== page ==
Four officers who should have been punished for misconduct escaped discipline because Police Chief Bill Scott waited too long to take action on their cases, according to a new report.
One officer would have served a three-day suspension for arresting a person instead of issuing a citation. Another would have received a written reprimand for “unnecessarily engaging in a prolonged argument.”
But the chief failed to serve the officers with formal discipline before a one-year statute of limitations period expired, despite agreeing with civilian investigators that all four should be punished.
As a result, none of the officers were held accountable.
“Totally unacceptable and no excuse,” Police Commissioner Petra DeJesus said this week at the Police Commission meeting.
“You can see one time, maybe… but four times, forgive my alarm about this but it seems like blowing the statute of limitation is either absolute negligence on the [department] or willful,” DeJesus said. “That is not an error. That is something that’s profoundly wrong.”
This is not the first time the San Francisco Police Department has encountered this issue.
In 2015, a group of officers who were caught exchanging racist and homophobic text messages sued over then-Police Chief Greg Suhr taking too long to pursue discipline against them.
While subsequent court rulings ultimately allowed the Police Commission to move forward with discipline in 2018, many of the officers had by that point resigned or retired.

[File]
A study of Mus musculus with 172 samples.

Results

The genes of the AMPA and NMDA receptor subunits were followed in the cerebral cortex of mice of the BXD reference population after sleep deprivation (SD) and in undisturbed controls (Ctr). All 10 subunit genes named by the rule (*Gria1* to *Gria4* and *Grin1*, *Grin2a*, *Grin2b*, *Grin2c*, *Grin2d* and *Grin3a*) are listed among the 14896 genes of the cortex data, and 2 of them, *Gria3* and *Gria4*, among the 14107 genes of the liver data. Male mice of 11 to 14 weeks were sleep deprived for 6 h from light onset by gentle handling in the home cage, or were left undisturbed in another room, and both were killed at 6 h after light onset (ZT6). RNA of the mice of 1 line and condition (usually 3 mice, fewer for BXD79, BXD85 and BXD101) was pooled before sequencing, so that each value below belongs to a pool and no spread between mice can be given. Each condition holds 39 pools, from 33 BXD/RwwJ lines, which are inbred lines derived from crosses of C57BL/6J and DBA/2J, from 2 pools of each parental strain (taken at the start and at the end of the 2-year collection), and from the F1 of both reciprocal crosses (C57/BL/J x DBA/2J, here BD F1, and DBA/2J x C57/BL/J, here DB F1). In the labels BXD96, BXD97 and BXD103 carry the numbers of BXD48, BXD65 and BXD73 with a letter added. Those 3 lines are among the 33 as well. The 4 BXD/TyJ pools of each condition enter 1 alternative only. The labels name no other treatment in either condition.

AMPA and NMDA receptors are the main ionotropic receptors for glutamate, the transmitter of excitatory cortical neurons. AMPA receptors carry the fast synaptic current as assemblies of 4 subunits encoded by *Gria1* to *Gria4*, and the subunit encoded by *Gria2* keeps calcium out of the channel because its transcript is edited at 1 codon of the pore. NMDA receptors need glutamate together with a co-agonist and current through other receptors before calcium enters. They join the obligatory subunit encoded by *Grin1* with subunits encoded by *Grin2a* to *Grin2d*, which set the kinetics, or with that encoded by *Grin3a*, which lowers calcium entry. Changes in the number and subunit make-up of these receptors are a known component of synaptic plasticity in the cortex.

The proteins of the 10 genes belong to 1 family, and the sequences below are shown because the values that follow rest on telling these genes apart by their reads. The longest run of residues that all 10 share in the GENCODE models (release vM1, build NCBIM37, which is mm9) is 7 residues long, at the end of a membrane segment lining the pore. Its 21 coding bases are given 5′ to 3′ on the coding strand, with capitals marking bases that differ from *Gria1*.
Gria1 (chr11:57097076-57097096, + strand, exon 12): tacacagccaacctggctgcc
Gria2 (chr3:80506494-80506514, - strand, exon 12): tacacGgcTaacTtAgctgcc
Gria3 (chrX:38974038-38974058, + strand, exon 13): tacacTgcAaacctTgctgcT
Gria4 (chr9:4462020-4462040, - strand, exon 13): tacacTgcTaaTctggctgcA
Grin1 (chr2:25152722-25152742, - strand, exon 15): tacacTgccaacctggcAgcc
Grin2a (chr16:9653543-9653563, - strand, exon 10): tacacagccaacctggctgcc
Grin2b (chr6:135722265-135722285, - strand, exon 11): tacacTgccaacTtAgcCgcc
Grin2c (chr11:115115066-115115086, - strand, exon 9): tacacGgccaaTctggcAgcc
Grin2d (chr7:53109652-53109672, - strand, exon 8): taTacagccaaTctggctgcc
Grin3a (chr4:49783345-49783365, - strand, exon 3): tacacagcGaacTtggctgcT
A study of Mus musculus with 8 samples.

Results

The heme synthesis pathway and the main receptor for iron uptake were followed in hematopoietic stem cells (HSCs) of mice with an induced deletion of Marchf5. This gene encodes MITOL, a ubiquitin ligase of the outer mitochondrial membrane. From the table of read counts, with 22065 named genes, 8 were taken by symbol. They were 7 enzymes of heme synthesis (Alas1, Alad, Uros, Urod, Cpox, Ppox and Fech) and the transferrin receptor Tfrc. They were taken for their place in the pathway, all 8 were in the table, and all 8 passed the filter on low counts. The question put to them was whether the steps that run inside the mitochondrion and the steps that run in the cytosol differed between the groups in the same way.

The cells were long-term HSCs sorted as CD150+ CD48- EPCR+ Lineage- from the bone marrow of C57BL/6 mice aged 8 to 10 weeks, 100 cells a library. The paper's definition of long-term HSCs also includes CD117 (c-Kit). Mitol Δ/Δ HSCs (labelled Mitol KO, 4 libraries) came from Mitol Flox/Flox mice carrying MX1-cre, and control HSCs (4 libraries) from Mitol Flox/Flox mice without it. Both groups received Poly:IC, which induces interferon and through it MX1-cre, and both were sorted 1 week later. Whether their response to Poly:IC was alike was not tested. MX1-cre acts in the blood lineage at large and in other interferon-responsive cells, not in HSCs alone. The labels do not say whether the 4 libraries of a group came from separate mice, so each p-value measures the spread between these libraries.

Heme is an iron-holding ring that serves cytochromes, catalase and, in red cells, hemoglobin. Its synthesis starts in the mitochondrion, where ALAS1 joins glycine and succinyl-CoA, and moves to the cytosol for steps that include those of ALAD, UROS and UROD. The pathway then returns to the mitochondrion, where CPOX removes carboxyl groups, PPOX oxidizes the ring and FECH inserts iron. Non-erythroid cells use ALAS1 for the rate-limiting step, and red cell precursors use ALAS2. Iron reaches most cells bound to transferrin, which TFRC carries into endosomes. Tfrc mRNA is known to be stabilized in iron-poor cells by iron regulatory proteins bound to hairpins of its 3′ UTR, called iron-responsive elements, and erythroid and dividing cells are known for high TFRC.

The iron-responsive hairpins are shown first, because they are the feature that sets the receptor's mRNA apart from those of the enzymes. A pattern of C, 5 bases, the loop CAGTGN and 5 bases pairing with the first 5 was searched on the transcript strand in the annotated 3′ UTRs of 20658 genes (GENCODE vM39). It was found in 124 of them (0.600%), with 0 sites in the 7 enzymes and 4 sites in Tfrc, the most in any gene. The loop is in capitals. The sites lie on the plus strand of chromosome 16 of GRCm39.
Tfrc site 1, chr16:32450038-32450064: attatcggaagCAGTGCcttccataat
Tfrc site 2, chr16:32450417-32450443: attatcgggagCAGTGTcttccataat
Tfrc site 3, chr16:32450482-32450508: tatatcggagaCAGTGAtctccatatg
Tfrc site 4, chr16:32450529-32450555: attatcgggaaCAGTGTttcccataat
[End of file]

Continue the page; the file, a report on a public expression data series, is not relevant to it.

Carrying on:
The issue returned to the Police Commission this week when a Department of Police Accountability report revealed that Scott let the limitations period expire in four cases.
Scott accepted blame for the situation and suggested that the cases had fallen by the wayside.
“That’s on us,” Scott told the commission.
The DPA did not name any officers in the report to comply with state law but did provide some details about the cases.
Three of the cases were resolved in 2019, while one was resolved at some point after June 2017.
Of the four who escaped discipline, two either failed to turn on a body-worn camera or to properly document an incident.
Scott told the commission the issue would not happen again. The department has set up a system of reminders to notify Internal Affairs investigators when the statute is going to expire.
“We have not had any of those recently because those systems have been fixed in terms of the internal infrastructure to make sure the reminders are there, to make sure nothing falls through the cracks,” Scott said.
“All of those issues have been resolved so we should not have any of those cases in the future,” he added.